January 15, 1998|MYRNA OLIVER | TIMES STAFF WRITER

Alma M. Hawkins, a pioneering dance educator and founder of the nation's first university dance department, at UCLA, has died at the age of 93.

Hawkins, also an early proponent of dance as psychotherapy, died Jan. 8 at her Santa Monica home.

"Dance is one of man's oldest and most basic means of expression," she wrote in one of her four books. "Through the body, man senses and perceives the tensions and rhythms of the universe around him, and then using the body as an instrument, he expresses his feeling responses to the universe. From the fabric of his perceptions and feelings, he creates his dance. Through his dance he relates to his fellow man and to his world."

Hawkins came west to teach dance in UCLA's physical education department in 1953. By 1962, she had established the prototype university dance department as part of the UCLA College of Fine Arts, equal in status to the departments of art, music and theater.

She went on to establish a graduate program, campaign for grants from the Rockefeller Foundation and others and bring major dance companies to campus for public performances in Royce Hall.

Hawkins' department began with 48 students and since then has graduated more than 500 dance majors who perform, teach and lead dance companies around the world.

In 1967, she started the West Coast Dance Film Archive, with the initial donation of a full-length color movie of "Swan Lake" performed by Dame Margot Fonteyn and Rudolf Nureyev.

"Dance cannot be understood or adequately appreciated . . . nor can it be accurately recorded for posterity except on film," she told The Times when she began the archive 31 years ago.

The same year, Hawkins founded and headed the Council of Dance Administrators, an outgrowth of a conference sponsored by the U.S. Office of Education, Arts and Humanities. Under her leadership, the council published Standards for Dance Major Programs in 1979, a guide for dance certification curricula still in use today.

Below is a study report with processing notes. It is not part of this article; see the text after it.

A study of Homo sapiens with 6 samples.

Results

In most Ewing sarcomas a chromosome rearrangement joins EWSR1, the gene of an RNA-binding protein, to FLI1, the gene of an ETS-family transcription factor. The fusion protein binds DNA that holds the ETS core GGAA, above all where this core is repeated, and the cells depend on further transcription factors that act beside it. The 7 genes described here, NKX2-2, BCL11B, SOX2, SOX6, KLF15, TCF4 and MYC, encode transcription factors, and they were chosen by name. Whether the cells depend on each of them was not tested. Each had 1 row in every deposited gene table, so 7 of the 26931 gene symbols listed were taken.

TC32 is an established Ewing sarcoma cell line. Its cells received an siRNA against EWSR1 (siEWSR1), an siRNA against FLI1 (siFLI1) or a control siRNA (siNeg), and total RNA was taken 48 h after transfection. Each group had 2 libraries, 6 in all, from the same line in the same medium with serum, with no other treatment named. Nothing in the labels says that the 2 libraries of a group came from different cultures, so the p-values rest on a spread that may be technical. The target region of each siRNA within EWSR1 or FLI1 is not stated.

Along with her dance education work, Hawkins was a dance and movement therapist and researcher at the UCLA Neuropsychiatric Institute for 17 years.

Expressing oneself in dance can relieve deep-seated emotional tensions and aid mental health, she said in her first book, "Modern Dance in Higher Education," published in 1953.

Her other books are "Dance: A Projection for the Future," 1968; "Creating Through Dance," published in 1964 and again in 1988; and "Moving From Within: A New Method for Dance Making" in 1991.

After Hawkins retired from UCLA in 1977, she taught dance for another decade at Santa Monica College. She remained greatly in demand as a speaker at dance seminars and conferences.

Born on a dairy farm near Rollo, Mo., Hawkins excelled at basketball in high school and studied physical education at the University of Missouri. Living in New York City and working on her master's degree and doctorate at Columbia University, she became interested in modern dance as Martha Graham and others were developing it.

After studying dance at Bennington College in Vermont, Hawkins taught at Emporia State Teachers' College in Kansas and George Williams College in Chicago before moving to UCLA.

Among her awards over her long career were the UCLA Distinguished Teaching Award, the University of Missouri Outstanding Woman of the Year designation and the California Dance Educators' Award.

Hawkins is survived by her sister, Alice Hawkins. Memorial donations may be made to the Alma M. Hawkins Scholarship Fund, UCLA Foundation, Box 24209, Los Angeles 90099-4214.

A memorial service is planned for 4 p.m. Feb. 27, in the Sequoia Room of the UCLA Faculty Center.